Environmental Radioactivity - Medicine - Occupational Radiation Protection - Nuclear Hazards Defence

Ionisierende Strahlung

Defence against nuclear hazards

In Germany, the federal states ("Bundesländer") are responsible for the defence against hazards. The BfS can support other civil authorities, provided that radiological dangers are present. If the civil authorities responding to an event involving radioactive material out of regulatory control require support, the BfS can offer help. The working group for the defence against nuclear hazards (NGA) has the task of preparing the entire BfS for just such requests.

Measuring robot

Defence against nuclear hazards (NGA)

The defence against nuclear hazards involves preparing for and responding to situations in which radioactive material is out of regulatory control, in particular cases where the material is being used maliciously. This also covers the loss or discovery of radioactive materials in the event that this could possibly lead to danger to people or damage to property. For all these instances of the defence against nuclear hazards, police and radiation protection authorities must work together during the response.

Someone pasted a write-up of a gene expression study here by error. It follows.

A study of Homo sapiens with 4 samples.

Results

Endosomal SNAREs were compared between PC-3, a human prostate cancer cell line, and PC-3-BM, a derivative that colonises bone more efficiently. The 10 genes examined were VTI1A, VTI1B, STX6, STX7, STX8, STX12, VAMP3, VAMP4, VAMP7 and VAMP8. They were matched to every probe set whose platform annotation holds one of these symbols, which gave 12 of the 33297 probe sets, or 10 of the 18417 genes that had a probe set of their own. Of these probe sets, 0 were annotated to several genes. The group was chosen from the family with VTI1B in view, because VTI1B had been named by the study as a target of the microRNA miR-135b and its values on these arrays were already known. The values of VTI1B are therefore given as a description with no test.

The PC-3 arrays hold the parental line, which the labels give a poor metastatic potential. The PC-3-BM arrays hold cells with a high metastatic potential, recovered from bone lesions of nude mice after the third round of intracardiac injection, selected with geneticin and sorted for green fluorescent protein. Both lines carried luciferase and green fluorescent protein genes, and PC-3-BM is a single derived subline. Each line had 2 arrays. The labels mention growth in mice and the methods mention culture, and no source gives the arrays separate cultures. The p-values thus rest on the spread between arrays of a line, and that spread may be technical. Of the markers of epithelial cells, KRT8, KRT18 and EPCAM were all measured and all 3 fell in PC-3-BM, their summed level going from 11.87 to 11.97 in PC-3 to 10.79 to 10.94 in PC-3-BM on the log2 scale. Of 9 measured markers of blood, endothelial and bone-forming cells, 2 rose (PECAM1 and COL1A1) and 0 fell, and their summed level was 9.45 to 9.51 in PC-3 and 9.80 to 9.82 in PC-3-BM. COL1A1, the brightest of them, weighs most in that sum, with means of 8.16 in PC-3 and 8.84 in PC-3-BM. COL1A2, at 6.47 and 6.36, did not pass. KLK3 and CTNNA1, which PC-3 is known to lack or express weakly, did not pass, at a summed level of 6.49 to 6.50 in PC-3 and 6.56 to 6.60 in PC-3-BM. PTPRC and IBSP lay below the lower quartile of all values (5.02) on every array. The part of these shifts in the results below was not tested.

Public Safety against a dirty bomb

Speech given by Wolfram König, President of the Federal Office for Radiation Protection from 1999 to 2017, at the 2nd Berlin Convention on National Security and Civil Protection in November 2006. This article contains a translation of Mr König’s speech.


Misuse of nuclear material ("dirty bomb")

The dirty bomb scenario is of prime concern in recent international efforts to secure highly radioactive sources against terrorist abuse and use in weapons of mass destruction. Dirty bombs are devices which make use of conventional explosives to disperse radioactive material.